Thoughts on this post? Share them with me on Facebook, join the SPANily or Tweet me at @angieatkinson. ~Angie

I’m not enough.

I don’t fit in.

I can’t seem to be heard, no one listens.

No one really knows me or wants to.

Nothing I do is right.

No one will love me, I’m unlovable.  

Who taught you these were truths? Why can’t you think differently even if you know they are not true? Why do you believe these limiting statements? How can you move past these beliefs? I’m sure you can see how gaining perspective and changing these beliefs could improve your life. Let’s talk about a few ways to understand and begin making that change. 

Your inner child is crying out to be loved and heard

Many survivors of emotional abuse experienced things in childhood that set belief patterns for their adult life that sound similar to the ones above. Your inner child, a part of your personality that still reacts and feels like the child you were, may be calling out to be validated and loved and when you do this for yourself you can begin to heal. If you were taught you are unlovable by people who can not love, logically you can see it is their shortcoming but a part of you still holds the feelings of being unlovable as your own truth. If you were taught you can only get acceptance for being perfect, even though now you know that’s impossible for anyone to do, you may still feel the “flaws” you have as reasons you don’t deserve love. These feelings may be locked into a part of yourself that relates to your inner child. Getting what you needed and still need is now a journey of self-care

How to find your inner child

There are a lot of ways to seek and experience your inner child. Many tips are unrelated to narcissistic abuse survival so I’ll give you one example of what survivors have told me over and over which helped them find their inner child. Tracing back the beliefs you have about yourself to childhood “programming” by adults in your life and then seeing how the child you were must have experienced that. Being raised by toxic parents, in particular, can lead to many beliefs about yourself that are limiting and even toxic to your healing. The child you were experiencing those beliefs as a reality. 

Ways to heal your inner child

Once you are able to identify what your inner child is, what can you do to help? Most survivors of toxic upbringings have something in common, they never felt validated or heard. Your inner child may really need to be heard and held. We often explain away to old hurts and never really take the time to quietly listen to the needs we had as a child.

Questions to Ask Your Inner Child

Asking yourself questions can give you ideas for how to help yourself.

  • What does this child need?
  • What is this child feeling?
  • What would the child like to have happen right now?
  • What is a source of comfort and safety for this child?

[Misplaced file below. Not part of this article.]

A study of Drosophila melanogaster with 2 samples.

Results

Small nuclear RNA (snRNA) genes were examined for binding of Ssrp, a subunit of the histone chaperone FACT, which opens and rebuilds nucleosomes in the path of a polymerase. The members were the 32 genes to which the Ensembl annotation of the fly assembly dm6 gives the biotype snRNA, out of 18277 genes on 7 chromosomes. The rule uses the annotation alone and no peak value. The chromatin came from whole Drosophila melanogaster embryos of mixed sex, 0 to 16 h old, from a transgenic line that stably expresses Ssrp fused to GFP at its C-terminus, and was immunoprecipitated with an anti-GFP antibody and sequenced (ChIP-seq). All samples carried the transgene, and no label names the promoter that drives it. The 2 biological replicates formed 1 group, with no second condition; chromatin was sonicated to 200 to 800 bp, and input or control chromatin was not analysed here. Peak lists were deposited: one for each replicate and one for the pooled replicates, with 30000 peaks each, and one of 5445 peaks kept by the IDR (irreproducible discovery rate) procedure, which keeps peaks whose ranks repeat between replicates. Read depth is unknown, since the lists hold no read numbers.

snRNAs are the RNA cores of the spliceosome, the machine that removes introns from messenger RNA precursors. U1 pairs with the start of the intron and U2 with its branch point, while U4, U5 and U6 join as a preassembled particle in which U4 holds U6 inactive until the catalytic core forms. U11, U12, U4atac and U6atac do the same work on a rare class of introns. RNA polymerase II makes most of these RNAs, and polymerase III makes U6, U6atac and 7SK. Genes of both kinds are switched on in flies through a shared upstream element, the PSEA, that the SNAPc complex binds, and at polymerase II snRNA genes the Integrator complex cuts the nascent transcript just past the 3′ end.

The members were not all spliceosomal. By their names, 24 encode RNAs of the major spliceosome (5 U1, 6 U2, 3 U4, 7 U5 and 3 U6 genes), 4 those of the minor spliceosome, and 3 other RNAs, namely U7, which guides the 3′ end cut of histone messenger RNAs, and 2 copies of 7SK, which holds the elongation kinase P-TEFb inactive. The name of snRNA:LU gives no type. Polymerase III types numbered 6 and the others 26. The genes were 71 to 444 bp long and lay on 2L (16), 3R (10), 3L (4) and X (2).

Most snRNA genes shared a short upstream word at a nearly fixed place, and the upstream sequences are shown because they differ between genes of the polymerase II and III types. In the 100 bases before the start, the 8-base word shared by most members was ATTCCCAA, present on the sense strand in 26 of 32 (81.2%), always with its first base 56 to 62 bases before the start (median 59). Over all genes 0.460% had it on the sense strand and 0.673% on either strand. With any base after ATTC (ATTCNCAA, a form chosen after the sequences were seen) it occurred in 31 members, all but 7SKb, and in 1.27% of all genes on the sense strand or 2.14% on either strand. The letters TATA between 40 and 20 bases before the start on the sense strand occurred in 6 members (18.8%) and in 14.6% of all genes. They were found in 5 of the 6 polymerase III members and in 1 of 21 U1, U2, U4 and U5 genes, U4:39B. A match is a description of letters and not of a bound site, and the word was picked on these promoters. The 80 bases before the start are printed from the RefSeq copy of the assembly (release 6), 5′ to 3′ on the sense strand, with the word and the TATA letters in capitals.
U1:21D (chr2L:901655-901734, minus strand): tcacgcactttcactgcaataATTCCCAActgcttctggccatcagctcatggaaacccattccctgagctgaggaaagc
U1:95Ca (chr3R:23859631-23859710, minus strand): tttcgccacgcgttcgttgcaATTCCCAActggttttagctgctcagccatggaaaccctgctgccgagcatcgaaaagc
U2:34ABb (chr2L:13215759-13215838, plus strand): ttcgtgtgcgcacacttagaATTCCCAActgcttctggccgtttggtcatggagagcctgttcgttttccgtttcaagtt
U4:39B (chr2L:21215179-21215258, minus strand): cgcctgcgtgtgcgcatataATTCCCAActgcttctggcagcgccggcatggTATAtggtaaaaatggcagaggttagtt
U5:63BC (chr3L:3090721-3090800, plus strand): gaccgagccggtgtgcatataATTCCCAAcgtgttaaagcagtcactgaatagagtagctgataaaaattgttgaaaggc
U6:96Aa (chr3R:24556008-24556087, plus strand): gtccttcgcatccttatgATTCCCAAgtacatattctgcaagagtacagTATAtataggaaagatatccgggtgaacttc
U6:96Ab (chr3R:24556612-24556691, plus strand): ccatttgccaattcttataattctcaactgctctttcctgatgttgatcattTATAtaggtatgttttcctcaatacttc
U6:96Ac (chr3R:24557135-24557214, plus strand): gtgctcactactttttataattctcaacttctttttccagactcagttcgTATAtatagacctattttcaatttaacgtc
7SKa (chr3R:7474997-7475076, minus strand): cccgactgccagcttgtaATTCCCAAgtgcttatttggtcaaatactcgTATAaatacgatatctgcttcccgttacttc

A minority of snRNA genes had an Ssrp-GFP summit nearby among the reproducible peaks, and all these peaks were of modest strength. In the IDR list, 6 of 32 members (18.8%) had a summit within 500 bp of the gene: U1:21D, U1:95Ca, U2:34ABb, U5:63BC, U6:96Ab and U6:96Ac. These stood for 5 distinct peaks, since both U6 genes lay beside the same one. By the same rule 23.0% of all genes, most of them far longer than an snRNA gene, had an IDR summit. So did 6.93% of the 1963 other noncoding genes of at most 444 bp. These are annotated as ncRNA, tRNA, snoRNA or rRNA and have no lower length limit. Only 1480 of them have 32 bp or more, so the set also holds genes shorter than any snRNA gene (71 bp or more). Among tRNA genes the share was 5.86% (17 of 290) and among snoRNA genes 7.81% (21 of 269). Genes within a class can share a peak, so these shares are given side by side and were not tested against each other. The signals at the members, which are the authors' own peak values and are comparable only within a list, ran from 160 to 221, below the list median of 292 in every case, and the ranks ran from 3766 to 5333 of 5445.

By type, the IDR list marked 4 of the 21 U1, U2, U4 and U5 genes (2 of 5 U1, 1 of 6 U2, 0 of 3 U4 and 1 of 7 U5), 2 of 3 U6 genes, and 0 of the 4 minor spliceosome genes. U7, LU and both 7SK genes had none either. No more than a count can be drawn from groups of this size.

Once an answer to any of these questions arises, simply start giving your inner child what they need. Visualize yourself as a child and listen to all that child needs to tell you. Spend some time asking and giving to yourself in this way then affirm to the child within that you are there, always have been and always will be. Offer a safe adult to turn to when things hurt or get scary. Be that for yourself with intention and love. 

Write to Your Inner Child

Writing a letter or journaling to your inner child is another technique suggested and used by many people. This can give you a safe way to not only express what you need to say but to also receive words of kindness and nurturing directly from the person that knows what you need best – you. In being there for yourself in this way include words and phrases that you would tell a child who is experiencing the things you experienced. 

Treat your inner child with THIS kind of love

Consider what you would tell your own child or a child you know personally. What would you tell your own son or daughter who was in the kind of pain you once experienced? Tell that to yourself. Every time you hear negative self talk use the words you would give to your own child towards yourself. 

Check in with your inner child

Check-ins with your inner child when situations in life cause you pain or grief may also help you to honor and nurture your inner child. You may also find benefit by checking in with your inner child when you have successes as well. Talking to, writing to, or just thinking about the child within during times in your life where you feel a lot of emotion can help by adding validation both to your current situation as well as your past. 

Get therapy or coaching to heal your inner child

Seeking the help of a therapist can be another approach to doing inner child work. Having the therapist there to guide and help you with the issues that come up for many people is invaluable to their healing. Coaching with a narcissistic abuse recovery coach can offer ways to begin to question the beliefs set up in your childhood and to shift perspective on those beliefs. Some people combine both to really begin a self-discovery journey while healing from abuse. Finding a trauma-focused and knowledgeable person to help is highly recommended.

Get more information on inner child healing in this playlist.

Get personal support in your narcissistic abuse recovery.